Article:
Even investors must make the transition from consumer to producer.
Capital goes where it’s welcome and stays where it’s well treated.
—Walter B. Wriston
In my experience, the real estate investing journey is equally as much a personal development journey. What is often portrayed about real estate is the good life - time freedom, passive income, private jets, fancy cars, and the like. And that is very alluring. But having all those things is at the end. In order to have, you must do, and in order to do, you must be.
I’m not breaking new ground or saying anything that hasn’t been said. Be-Do-Have is a very well known philosophy. Essentially, you must be the type of person who then will do the types of things to allow you to have whatever is your goal. If you do without being, you’ll either be doing the wrong things or, even if you are doing the right things, you will quit. If you “be” without doing, you’ll never have - and I’d posit this is impossible anyways - actions flow from state. What you do shows who you are.
The things we want to have are attainable, but only after we become the right type of person that deserves them.
I didn’t understand this at the beginning of my real estate journey. I saw passive income from real estate as something easily achieved by simply leveraging my high income day job to acquire properties. After a few years of doing this, I’d be set. Right?
…No. What I realized very quickly was that wasn’t going to scale at all. Buying a bunch of single family “turnkey” properties gave me the sense of accomplishing something, but the cash flow was so low, I wasn’t really progressing toward my goals.
Why did I choose turnkeys to begin with? Because of who I was at the time. I didn’t want to deal with the hassle of contractors, rehab, and asset management. I wanted someone else to do all of that, hand me the property, and I’d receive the cash flow. In short, I had a consumer mindset about real estate. At that time, picking rental properties was like picking a steak out at the local market.
The quote at the beginning of this post is relevant here - “Capital goes where it’s welcome and stays where it’s well treated”. With that consumer mindset about real estate, do you think capital was going to find me or, even if it did, would it have stayed? Consumers exchange their currency for a product or service, but where is the profit truly made?
The Flip Side
The flip side of the coin is the producer. A producer is the one who creates that finished product that a consumer buys. In real estate, a producer is the value-add investor (pun intended). They look through 200 deals to find the 1 that needs substantial improvement. They handle rehabs, contractors, and asset management. And for that work, they receive tremendous profit. Justly so, because they created wealth. Something that didn’t exist in the world, a livable house or apartment unit, now exists. They improve the lives of their residents, grow the wealth of their investors, and raise the standard of the community where their project is located.
“The Rich create money.” - Robert Kiyosaki
The producer may go by other names, like “capitalist” or “entrepreneur”, but they all mean the same thing. They describe someone who creates wealth for themselves and others.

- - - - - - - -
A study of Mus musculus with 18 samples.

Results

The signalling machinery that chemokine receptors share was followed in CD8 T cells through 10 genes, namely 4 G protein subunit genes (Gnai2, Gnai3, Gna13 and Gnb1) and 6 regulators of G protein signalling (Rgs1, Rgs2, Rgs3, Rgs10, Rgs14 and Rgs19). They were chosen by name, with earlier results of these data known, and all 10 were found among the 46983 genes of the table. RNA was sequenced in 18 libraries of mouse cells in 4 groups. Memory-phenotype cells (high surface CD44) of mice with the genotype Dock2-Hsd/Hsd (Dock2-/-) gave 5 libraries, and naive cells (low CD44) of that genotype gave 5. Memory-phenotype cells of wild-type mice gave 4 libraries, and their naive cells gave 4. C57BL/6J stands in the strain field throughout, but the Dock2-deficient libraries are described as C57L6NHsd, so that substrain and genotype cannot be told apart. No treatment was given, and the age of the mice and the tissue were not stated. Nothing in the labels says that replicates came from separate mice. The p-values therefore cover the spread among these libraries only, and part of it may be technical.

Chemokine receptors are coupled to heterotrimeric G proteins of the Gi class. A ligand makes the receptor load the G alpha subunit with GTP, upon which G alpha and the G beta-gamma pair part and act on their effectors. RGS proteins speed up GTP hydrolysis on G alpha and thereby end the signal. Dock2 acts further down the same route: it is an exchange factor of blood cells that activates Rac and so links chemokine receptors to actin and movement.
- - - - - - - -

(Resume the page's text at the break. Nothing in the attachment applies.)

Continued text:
Again, look back at the quote at the top of the article. If I wanted capital to find me, to stay with me, I had to change my mindset from that of a consumer to that of a producer. I had to be a producer, do what a producer does, in order to have what producers have.
The having, as stated in the intro, is at the end. It’s the goal; it’s what I focus on when things aren’t going well. It is built up over time. I won’t just have it all at once - I have been and continue to build up to it.
The doing is actually pretty simple: Look at properties, build relationships, understand finances, macroeconomics, and property underwriting, and manage people and processes. It’s all the minutia involved in getting to a goal.
The being - that’s been the hardest part but also the most transformational. It’s been a fundamental change in how I think. Instead of looking foremost at my goals, my plans, and my benefits, I’ve learned to focus on adding value to others. If I want to partner with someone, the questions that I start with is “How can I make their business/property/project better? What can I help with? How can I ease their burden?” Of course, it is reciprocal - I will benefit in some way because as I add value to them, they add value to me. But fundamentally, the question starts from an other-focused position. This way of thinking is fundamental to being a producer, in my opinion. And as a producer, capital will find its way to me, because I will deploy that capital in a useful manner that creates value and wealth for others.
What Lies Ahead
Which do you think you are? A consumer investor or producer investor? Or maybe not an investor at all?
You may have picked up from my brand, value-add investing is the strategy I have fallen in love with. I didn’t start my journey on this path, but now I’m convinced it’s the way to wealth, passive income, and time freedom. And the key to that switch in approach was a switch in mindset - to that of a producer, always asking how I can add value to residents, investors, and the community.
4 years ago, I spent my nights and weekends watching Netflix or consuming social media for dumb things like memes. Now, my nights and weekends consist of networking with people further down the path than me, looking at and underwriting properties, learning from books, podcasts, and social media interactions about topics relevant to my goals. What I do has changed, but what had to change first was my being.
“Be the kind of person capital is attracted too.”